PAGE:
On the 11th hour of the 11th day of the 11th month of 1918, the Great War came to a close.

Nearly 100 years later, thousands endured the brisk winds Saturday in downtown Colorado Springs to commemorate the momentous occasion and salute the city’s military community at the annual Veterans Day Parade.

Armistice Day, which coincides with Veterans Day on Nov. 11, marks the signing of the treaty between the Allies and Germany in France. Though it is not well-known that Armistice Day is the predecessor to Veterans Day, Courtney Wall, executive assistant of the parade’s board of directors, said it shifted the way civilians regarded the military.

“Soldiers finally started to get the recognition for all the hard work they put in overseas,” Wall said.

Respect for the military is particularly distinct in Colorado Springs, given that the city and surrounding area is home to five military installations.

“The military presence is so large here, and not just those currently serving,” Wall said. “Retirees, families, private contractors, too. The parade is just one way we can say thank you and show them that they are appreciated here.”

As of February, Colorado Springs was home to 38,500 men and women in uniform, 16,000 Department of Defense civilians and 109,000 veterans, according to a memo from U.S. Rep. Doug Lamborn’s office. The 5th Congressional District has the highest concentration of veterans of any district in the country, and is tied for the highest percentage of younger veterans.

Defense and aerospace operations also make up about half of the region’s economy with about $5 billion in economic impact. In 2017, this included $2.7 billion in defense contracts.

Erica Chapman’s family is a piece of that population. Her husband, James, is a former Marine, and she thinks it’s paramount for their five children to understand the importance of his service.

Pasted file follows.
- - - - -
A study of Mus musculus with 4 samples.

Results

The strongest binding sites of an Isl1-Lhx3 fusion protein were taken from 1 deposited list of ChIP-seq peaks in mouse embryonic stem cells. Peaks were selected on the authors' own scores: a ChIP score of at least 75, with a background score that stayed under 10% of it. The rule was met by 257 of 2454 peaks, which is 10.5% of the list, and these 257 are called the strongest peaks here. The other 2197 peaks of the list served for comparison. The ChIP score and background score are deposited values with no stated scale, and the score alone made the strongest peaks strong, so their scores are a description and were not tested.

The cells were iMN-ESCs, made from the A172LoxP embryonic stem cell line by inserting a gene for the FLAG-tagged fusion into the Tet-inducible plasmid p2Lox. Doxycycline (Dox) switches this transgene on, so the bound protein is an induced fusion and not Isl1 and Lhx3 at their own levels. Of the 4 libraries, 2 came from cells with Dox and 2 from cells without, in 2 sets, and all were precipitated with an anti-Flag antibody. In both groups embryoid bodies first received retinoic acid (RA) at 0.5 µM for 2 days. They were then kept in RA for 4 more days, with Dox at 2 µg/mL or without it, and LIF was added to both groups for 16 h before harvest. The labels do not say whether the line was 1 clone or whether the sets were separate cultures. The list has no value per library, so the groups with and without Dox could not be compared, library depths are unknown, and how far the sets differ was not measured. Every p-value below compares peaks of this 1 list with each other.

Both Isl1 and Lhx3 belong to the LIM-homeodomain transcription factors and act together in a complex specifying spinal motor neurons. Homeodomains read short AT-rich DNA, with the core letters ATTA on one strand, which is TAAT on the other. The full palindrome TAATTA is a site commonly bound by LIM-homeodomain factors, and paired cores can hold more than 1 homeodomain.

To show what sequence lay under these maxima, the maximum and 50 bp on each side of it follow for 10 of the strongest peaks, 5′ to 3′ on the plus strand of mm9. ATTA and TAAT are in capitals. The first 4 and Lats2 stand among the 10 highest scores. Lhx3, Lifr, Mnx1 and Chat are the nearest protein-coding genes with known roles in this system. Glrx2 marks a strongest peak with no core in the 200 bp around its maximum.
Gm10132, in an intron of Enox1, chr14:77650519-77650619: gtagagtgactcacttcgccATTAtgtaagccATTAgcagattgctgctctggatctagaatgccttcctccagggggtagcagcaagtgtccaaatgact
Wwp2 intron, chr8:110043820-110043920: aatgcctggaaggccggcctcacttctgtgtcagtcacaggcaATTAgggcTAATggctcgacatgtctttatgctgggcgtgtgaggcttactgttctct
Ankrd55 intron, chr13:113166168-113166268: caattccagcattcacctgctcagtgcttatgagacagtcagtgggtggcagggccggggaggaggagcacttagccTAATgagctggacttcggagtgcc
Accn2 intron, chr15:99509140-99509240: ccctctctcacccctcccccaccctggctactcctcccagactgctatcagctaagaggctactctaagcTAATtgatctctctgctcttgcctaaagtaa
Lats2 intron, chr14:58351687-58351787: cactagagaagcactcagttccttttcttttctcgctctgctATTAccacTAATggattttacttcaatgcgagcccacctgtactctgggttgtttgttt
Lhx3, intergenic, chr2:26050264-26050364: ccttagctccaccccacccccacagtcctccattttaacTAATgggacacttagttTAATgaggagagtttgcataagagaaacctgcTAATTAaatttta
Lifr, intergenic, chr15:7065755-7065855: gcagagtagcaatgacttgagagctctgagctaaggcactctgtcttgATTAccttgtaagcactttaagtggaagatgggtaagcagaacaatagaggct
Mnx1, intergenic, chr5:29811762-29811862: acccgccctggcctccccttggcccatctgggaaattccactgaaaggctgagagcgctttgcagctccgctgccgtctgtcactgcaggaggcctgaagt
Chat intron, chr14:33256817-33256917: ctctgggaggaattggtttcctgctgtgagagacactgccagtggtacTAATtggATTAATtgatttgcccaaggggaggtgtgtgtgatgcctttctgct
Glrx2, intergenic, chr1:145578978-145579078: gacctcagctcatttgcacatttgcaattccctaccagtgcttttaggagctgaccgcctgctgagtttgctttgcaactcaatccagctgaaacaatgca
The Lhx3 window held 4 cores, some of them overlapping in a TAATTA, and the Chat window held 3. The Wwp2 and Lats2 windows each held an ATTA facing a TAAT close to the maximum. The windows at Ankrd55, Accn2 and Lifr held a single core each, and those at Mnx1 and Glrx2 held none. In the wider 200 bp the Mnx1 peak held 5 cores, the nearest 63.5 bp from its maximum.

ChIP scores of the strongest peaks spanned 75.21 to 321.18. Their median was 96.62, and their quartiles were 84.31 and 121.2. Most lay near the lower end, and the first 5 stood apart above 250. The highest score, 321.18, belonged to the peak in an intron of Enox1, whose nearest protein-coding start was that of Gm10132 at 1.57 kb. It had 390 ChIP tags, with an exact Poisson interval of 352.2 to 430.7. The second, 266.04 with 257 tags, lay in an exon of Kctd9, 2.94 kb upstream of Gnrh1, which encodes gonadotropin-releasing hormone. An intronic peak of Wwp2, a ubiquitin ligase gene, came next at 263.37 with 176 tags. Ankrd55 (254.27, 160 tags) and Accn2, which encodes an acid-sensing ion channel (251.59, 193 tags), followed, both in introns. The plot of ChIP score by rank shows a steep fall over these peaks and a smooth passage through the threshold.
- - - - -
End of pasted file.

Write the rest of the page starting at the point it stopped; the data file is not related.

“It’s hard for them to understand the sacrifices these men and women make for them,” the Colorado Springs resident said. “We try to get them to be aware that they are blessed to go to school where they do and have what they have.”

She continued, “My husband tells stories of Afghanistan where he saw children younger than her (Chapman’s 5-year-old daughter) begging on the streets.”

The Chapmans have attended the Colorado Springs Veterans Day Parade every years since they moved to the Springs eight years ago. Chapman is encouraged by the turnout for the parade, seeing it as sign of what service means in the U.S.

John Lovett, a fifth-generation Coloradan, says the parade is a way to honor his family members who have served. Because of an injury at a young age, he was never able to enlist, though he “wanted to be out there with them.”

“Members of the military spend enough time doing for us what few want to do to protect our freedoms,” he said. “The more we can support the and let them know there are people here for them, the better it is for this town.”

Twitter: @lizmforster

Phone: 636-0193

Liz Forster is a general assignment reporter with a focus on environment and public safety. She is a Colorado College graduate, avid hiker and skier, and sweet potato enthusiast. Liz joined The Gazette in June 2017.